Hipster Parents Admit They Regret Their Baby's Cool Names


By Rachelle Bergstein

Naomi Tomky was still laid out on the operating table after an emergency C-section when the earliest pangs of regret kicked in.

“The baby was being lifted over my head,” the 34-year-old freelance writer remembers, “and the anesthesiologist was like, ‘what’s her name?’ I started explaining and was like, oh God, what have I done?”

Tomky’s now 8-month-old daughter is Tove (pronounced TOH-vah), a Swedish moniker that’s typically said like TOO-vah, but in this case, the expectant parents from Seattle changed the pronunciation for a twist.

“My husband has Swedish heritage and then Tova, or Tovah, is a common Hebrew name, which I liked because I’m Jewish,” says the mother of two, laughing. “When I was pregnant, we loved the idea of combining them. Now we know we doomed her to a life of spelling it for other people.”

Would-be adventurous parents, take note: The name that calls out like a siren’s song from the page of a baby book might turn strident upon repetition. Baby name shame is real, and with unusual appellations such as Kairo and Zayd (for boys) and Oaklynn and Paisleigh (for girls) on the rise — per the Social Security Administration’s most recent fastest-growing baby names report, released in May — it’s likely to become an increasingly common phenomenon.

“People are working a lot harder to come up with a name that is really distinctive and has a lot of personal meaning,” says Pamela Redmond Satran, co-founder and CEO of baby naming site Nameberry.com.

But in that quest for originality and special significance, mistakes can be made. Beth JoJack, a freelance journalist from Roanoke, Va., and her husband picked the name Mangum (MANG-gum) for her now 4-year-old son in honor of their favorite musician, Jeff Mangum of indie rock band Neutral Milk Hotel. The 41-year-old didn’t really mind when her father started calling the boy Van —the kid’s middle name is Van Ness — though the couple rankled at the unanticipated nickname “Manny.” But it was her son’s own trouble with the name that made her really second-guess the unconventional pick.

“Mangum was a late talker, and he didn’t say his name until he was almost 4,” JoJack says. “I think if he was named Bob or something, he probably would have said it sooner.”

For some, the misgivings about a name start even earlier — during pregnancy.

When Jonita Davis, a writer and mother of six, married her husband in 1998, they were still teenagers, and they were both candid about dreams for the future.

“I told him I wanted to finish my college education,” says the 37-year-old from Michigan City, Ind. “And he said he wanted to name our first son, Kalel Charles,” after his father, Charles — and Superman, whose name is Kal-El on his home planet of Krypton.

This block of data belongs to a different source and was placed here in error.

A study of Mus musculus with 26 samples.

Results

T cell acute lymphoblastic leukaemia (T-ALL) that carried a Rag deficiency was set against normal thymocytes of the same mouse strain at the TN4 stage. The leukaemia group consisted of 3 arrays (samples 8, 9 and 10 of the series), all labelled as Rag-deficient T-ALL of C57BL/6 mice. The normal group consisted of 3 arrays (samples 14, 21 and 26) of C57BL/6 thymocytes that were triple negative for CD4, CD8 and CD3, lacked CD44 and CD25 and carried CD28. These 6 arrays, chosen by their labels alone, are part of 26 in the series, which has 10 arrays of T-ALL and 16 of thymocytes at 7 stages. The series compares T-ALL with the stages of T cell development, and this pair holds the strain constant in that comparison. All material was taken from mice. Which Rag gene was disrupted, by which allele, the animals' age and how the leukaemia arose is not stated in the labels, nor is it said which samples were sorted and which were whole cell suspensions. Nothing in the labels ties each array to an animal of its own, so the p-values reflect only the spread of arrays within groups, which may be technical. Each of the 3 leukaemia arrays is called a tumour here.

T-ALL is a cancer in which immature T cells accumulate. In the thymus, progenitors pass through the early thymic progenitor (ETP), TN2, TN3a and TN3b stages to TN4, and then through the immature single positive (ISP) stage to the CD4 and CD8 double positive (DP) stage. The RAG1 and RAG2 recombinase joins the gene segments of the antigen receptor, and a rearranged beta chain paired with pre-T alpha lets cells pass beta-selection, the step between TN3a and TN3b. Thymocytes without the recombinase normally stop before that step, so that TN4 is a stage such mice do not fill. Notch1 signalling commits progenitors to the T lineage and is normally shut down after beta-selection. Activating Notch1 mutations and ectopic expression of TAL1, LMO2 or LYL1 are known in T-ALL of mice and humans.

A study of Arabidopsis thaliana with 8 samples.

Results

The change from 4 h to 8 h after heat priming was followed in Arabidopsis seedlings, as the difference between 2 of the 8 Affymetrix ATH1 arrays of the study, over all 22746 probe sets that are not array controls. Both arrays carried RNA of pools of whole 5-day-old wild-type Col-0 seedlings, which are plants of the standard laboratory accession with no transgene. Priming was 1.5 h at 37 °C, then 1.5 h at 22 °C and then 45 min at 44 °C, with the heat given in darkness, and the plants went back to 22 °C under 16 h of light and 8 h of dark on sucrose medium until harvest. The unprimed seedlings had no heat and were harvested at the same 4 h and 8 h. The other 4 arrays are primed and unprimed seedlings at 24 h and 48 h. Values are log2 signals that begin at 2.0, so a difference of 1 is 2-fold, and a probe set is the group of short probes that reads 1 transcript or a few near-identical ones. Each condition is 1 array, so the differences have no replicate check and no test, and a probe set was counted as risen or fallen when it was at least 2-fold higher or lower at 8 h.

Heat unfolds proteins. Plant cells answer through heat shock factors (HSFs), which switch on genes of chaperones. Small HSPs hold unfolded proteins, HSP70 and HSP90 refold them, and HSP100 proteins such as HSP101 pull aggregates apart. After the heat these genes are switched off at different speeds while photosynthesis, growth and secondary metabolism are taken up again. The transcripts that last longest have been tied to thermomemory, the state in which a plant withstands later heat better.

At 18, Davis thought her husband, an avid comic book fan, would eventually change his mind, so she agreed to it. But, after her son was conceived 15 years ago, Davis says he made it clear that he would be holding her to their “verbal contract.”

Kalel (Kal-El) is now 15 years old, and, like his father, he loves DC and Marvel characters. The teen is happy with his unusual name and goes by it at school and on Facebook, but his mother insists on using his middle name.

“I still call him Charlie,” says Davis, “but I’m the only one left on this planet who does.”

And, while Kalel’s name is the most distinctive (and most regrettable in Davis’ eyes), his five siblings also all have names related to comic books.

There’s Chloe, 21, after Superman’s best friend in the newer comics. Catelin, 19, a k a Cat — is a reference to a reporter in the Superman universe, and Kara, 18, is named after Supergirl. Connor, 5, is named for Superboy. And there’s even a villain in the bunch: 2-year-old Quinn, a reference to Batman villain Harley Quinn.

With Connor, Davis says, she was intent on giving him a name that didn’t have any superpowers, but her husband tricked her.

“He suggested Connor, and I really liked [it]. I asked him specifically, ‘is this related to the Superman comics.’ And he said, ‘no, it’s not,’” she says.

Then, “In the weeks before I’m about to deliver, my husband reveals that Connor is Superboy’s first name,” Davis says. At that point, it was too late.

“I loved the name, I committed to it.”

For a while, she says she was embarrassed by it all.

“I tried to keep it a secret,” she says. But her husband is so proud of it, and her kids like their monikers.

“They loved that their names were in the comic[s],” she says. “It’s not a secret anymore … [the kids] tell new people [about it], new boyfriends, new friends — it’s a thing now.”

It’s not just parents of children with unique monikers who struggle with post-naming regret.

Mandy Waysman, 36, says she and her husband chose “Sophie” for their first daughter because they thought the name “Sophia” was too trendy. But Waysman — who has to repeatedly correct people who wrongly assume her full name is “Amanda” — didn’t put it together that “Sophie” is a nickname for Sophia, and her daughter, now 8, would have to deal with the same problem.

The reconciliation analyst from Sioux Falls, SD, says she eventually made the connection at a family wedding, when the baby was already 5 months old. “Many people were calling her Sophia and saying it was a beautiful name,” she remembers. “Awkward. I didn’t correct them, but it clicked what I had done.”